M is for Mummy by Katy Cox – a funny and honest account of contemporary family life with all its challenges while trying to maintain careers.

M is for Mummy by Katy Cox

This is a novel that has the undeniable ring of authentic experience. Lucy is a woman who has had enough. She is a world class professional cellist, with experience of national and international events. She is also mother to the amazing (and wildly challenging) Stanley and baby Jack. Her husband Ed is a little obsessive about strange hobbies, but basically works hard as a musician to earn enough money to cope. Lucy has friends and other family, but somehow everything is a bit of struggle at the moment. Stanley is an extremely bright four year old who has memorised all the car numbers in the street, but who is also capable of meltdowns that take a lot of managing. Lucy would like to get her career back on some sort of track, cope with her children and get some romance from her husband, but all of it seems too much to manage at the moment.

This is a funny and searingly honest fictional account of surviving with a family that is different. Written very much in Lucy’s voice, this book is very funny in recalling the embarrassing and less than blissful elements of parenthood. She is a wonderful creation, rightly bewildered by Stanley’s ability to discuss complex information but also his obsessions with letters which will change to an eagerness to discover more about parts of the body. Shown as someone who is trying so hard to be an effective parent to a small child, Lucy is a brilliant, unintentional advocate for every parent who has struggled. Her relationship with Ed is realistic as he seems to be clueless about her desperation though he seems genuinely sympathetic and will cheerfully try to do what he is asked. Although mostly a stream of consciousness about her challenging present, Lucy recalls how she worked hard to succeed in becoming the musician she is, and could enjoy it if only she could find the help she so desperately needs. This is a contemporary story with so much to offer and real insight into complicated lives, and I was so pleased to have the opportunity to read and review it.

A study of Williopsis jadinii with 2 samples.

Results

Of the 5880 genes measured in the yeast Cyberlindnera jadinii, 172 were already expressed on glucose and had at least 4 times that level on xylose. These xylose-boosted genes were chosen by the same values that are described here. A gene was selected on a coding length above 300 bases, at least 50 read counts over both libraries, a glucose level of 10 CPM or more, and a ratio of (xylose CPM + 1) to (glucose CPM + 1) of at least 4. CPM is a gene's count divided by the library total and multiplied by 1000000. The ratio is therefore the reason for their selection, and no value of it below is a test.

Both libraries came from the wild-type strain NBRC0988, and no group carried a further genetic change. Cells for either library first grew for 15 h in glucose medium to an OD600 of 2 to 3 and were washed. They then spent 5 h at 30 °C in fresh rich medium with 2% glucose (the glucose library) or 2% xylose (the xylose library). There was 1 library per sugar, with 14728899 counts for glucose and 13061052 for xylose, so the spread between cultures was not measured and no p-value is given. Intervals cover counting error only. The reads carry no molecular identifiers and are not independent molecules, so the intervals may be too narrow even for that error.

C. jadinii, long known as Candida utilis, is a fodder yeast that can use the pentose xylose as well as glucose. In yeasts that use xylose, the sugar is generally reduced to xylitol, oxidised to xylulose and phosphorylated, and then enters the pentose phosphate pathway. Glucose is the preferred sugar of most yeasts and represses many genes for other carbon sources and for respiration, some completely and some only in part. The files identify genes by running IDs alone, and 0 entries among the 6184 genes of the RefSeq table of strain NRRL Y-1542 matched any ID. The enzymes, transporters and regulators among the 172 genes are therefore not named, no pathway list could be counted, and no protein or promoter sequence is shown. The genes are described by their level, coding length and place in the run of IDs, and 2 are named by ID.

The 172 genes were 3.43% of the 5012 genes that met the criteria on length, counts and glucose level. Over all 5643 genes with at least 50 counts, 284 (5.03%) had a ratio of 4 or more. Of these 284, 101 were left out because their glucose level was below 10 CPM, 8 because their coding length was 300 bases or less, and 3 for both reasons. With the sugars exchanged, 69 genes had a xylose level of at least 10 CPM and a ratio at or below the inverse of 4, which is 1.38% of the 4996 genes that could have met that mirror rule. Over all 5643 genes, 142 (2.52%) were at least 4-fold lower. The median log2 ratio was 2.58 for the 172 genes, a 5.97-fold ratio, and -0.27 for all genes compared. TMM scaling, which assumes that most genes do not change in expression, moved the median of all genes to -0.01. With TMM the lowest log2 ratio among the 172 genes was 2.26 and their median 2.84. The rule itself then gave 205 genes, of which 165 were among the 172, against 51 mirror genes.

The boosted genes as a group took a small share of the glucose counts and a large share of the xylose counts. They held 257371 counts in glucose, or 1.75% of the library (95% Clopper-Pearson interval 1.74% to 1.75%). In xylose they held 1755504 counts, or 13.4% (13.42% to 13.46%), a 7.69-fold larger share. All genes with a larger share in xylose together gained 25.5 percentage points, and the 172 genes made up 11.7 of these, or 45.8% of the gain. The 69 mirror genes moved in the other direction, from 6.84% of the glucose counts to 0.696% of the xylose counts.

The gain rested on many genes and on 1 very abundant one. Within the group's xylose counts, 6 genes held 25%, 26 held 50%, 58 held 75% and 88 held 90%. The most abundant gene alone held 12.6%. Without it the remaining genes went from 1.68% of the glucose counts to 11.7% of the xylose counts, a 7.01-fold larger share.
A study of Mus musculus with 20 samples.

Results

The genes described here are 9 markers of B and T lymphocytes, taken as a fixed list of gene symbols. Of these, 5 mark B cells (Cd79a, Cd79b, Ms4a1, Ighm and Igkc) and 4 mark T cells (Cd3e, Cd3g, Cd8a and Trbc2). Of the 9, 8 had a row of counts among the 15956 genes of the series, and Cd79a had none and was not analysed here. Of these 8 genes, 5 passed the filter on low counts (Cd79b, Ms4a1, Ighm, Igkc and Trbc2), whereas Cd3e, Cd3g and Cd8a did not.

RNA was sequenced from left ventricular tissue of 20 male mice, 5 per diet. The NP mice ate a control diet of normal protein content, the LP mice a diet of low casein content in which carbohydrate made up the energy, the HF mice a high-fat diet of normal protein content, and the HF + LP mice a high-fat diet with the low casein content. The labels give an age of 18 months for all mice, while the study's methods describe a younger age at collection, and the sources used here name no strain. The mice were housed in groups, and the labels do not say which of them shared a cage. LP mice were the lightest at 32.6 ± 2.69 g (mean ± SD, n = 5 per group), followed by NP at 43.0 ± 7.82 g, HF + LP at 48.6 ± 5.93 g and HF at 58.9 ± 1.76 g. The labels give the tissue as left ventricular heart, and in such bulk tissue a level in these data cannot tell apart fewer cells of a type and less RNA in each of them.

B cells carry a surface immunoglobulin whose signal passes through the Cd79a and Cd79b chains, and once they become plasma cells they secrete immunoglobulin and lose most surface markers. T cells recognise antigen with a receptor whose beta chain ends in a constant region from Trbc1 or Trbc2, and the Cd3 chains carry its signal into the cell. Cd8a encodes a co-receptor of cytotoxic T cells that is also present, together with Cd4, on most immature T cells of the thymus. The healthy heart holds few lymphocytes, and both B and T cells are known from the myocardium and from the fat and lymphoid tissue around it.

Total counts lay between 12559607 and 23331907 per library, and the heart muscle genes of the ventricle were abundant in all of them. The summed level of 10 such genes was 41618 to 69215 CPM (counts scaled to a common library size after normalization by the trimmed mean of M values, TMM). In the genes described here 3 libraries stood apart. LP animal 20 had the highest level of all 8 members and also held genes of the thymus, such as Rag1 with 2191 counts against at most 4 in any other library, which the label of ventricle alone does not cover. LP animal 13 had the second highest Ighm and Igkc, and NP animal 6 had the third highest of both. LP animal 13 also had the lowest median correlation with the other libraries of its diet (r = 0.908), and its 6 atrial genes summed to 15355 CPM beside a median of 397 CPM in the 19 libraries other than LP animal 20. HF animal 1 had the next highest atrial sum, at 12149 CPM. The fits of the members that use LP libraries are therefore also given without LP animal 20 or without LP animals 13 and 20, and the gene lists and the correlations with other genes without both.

Another enjoyable element of this novel is Lucy’s two best friends, Charlie and Jen. They are without long term partners as the novel begins, and do not have children, so their lifestyles are very different from Lucy’s. Nevertheless they offer her support and where possible distraction; they listen to her problems and try to present at least partial solutions. They are unfailingly understanding, despite their different circumstances. Stanley is a marvellous creation, whose vocabulary is so advanced of his chronological age, but seems unable to register when to ask for what he wants and can get very stressed very quickly with disastrous results. Some readers may be spotting the basis of his behaviour, but what is never in doubt is Lucy’s commitment to his happiness which is much more than avoiding trouble. Ed seems so well meaning, and quietly pleased when he is able to achieve what he thinks is essential, earning money and helping with Stanley by playing with him at his level. 

I really enjoyed this book. From the author’s details it seems that Kathy Cox has special insight into Lucy’s fictional troubles as well as being a highly successful musician in her own right. This is a vibrant and funny look at priorities when a parent tries to satisfy so many demands, as well as retain a sense of self and genuine achievement. I would recommend this book to those who are trying to walk that sort of tightrope, have memories of trying to do so, or just enjoy a very funny read of family life and trying to balance a career.